Gunmen posing as military forces were holding an unknown number of hostages inside a popular restaurant in Somalia's capital in an attack that began when a car bomb exploded at the gate, police and a witness said, while the extremist group al-Shabab claimed responsibility. At least 18 people, including foreigners, were dead, police and an ambulance driver said.
Two of the gunmen were shot dead and 10 hostages were rescued but five other attackers were thought to remain inside, cutting off electricity to complicate security forces' efforts to end the siege, Capt.Mohamed Hussein said. He said heavy gunfire was heard.
An ambulance driver with the Amin Ambulance service, Khalif Dahir, said early Thursday they had carried 18 bodies and 26 wounded people. Police said the dead included a Syrian man. Most of the victims were young men who had been entering the Pizza House when the vehicle exploded, Hussein said.
The gunmen "were dressed in military uniforms. They forced those fleeing the site to go inside" the restaurant, witness Nur Yasin told The Associated Press.
Wednesday night's blast largely destroyed the restaurant's facade and sparked a fire. While al-Shabab claimed to have attacked the neighboring Posh Treats restaurant, which is frequented by the city's elite and was damaged in the blast, security officials said the Pizza House was targeted instead.
Security forces rescued Asian, Ethiopian, Kenyan and other workers at Posh Treats as the attack continued, Hussein said.
The Somalia-based al-Shabab often targets high-profile areas of Mogadishu, including hotels, military checkpoints and areas near the presidential palace. It has vowed to step up attacks after the recently elected government launched a new military offensive against it.
Al-Shabab last year became the deadliest Islamic extremist group in Africa, with more than 4,200 people killed in 2016, according to the Washington-based Africa Center for Strategic Studies.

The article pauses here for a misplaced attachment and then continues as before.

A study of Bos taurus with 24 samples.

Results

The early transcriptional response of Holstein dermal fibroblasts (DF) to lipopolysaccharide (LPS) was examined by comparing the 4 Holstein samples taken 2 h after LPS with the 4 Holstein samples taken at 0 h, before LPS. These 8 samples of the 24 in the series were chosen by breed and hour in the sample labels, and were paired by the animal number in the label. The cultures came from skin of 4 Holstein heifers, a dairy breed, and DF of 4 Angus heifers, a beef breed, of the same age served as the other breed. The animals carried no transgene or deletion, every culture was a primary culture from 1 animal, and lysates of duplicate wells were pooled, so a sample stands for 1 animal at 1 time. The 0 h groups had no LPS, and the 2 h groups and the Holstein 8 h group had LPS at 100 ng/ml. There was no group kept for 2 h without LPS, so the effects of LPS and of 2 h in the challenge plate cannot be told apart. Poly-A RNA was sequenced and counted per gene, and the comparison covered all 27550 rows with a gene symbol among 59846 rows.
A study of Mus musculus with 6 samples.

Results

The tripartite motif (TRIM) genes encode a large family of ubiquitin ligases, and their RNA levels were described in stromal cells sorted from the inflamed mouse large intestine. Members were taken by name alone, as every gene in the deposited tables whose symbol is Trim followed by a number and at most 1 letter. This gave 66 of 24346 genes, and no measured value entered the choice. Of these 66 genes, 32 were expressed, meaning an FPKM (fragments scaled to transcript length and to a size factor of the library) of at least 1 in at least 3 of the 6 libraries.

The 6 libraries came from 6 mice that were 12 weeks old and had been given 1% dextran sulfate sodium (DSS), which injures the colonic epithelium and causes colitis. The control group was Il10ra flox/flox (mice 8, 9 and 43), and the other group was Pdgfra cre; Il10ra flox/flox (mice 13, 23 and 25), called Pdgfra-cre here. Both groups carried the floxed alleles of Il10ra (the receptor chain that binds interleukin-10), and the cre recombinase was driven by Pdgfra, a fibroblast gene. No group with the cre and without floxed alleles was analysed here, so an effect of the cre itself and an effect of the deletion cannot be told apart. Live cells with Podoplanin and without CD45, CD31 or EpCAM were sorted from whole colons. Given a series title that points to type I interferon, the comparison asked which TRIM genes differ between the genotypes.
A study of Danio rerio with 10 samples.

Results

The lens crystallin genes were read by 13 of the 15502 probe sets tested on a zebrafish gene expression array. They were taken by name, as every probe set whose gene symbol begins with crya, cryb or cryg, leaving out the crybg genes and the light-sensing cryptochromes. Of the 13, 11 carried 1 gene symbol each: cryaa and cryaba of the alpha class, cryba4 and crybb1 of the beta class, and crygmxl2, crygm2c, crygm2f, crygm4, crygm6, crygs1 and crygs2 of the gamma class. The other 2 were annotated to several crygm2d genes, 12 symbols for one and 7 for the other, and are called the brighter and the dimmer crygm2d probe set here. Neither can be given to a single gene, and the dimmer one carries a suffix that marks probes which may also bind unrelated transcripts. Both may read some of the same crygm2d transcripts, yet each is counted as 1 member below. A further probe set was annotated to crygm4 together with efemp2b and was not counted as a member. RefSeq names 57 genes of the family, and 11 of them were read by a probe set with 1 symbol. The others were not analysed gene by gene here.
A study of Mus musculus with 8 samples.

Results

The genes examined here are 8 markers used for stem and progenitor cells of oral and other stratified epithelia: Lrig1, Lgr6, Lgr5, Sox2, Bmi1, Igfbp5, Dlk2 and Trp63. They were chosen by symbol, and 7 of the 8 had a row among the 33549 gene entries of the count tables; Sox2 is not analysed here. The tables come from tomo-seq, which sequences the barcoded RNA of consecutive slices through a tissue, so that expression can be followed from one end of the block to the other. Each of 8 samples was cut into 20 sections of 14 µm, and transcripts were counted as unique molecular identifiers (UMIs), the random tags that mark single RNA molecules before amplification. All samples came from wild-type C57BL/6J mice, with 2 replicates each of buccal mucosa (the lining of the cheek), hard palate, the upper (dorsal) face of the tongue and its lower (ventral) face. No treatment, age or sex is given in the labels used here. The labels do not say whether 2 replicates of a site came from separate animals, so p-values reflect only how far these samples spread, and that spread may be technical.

The extremist group also faces a new military push from the United States after President Donald Trump approved expanded operations, including airstrikes, against al-Shabab. On Sunday, the U.S. military in Africa said it carried out an airstrike in southern Somalia that killed eight Islamic extremists at a rebel command and logistics camp.
Somalia President Mohamed Abdullahi Mohamed confirmed that airstrike and said such attacks would disrupt the group's ability to conduct new attacks.
With a new federal government established, pressure is growing on Somalia's military to assume full responsibility for the country's security. The 22,000-strong African Union multinational force, AMISOM, which has been supporting the fragile central government, plans to start withdrawing in 2018 and leave by the end of 2020.
Also Wednesday, the U.N. Security Council unanimously adopted a resolution extending the U.N. political mission in the Horn of Africa nation, which is trying to rebuild after more than two decades as a failed state, until March 31, 2018. The resolution recognized that "this is a critical moment for Somalia."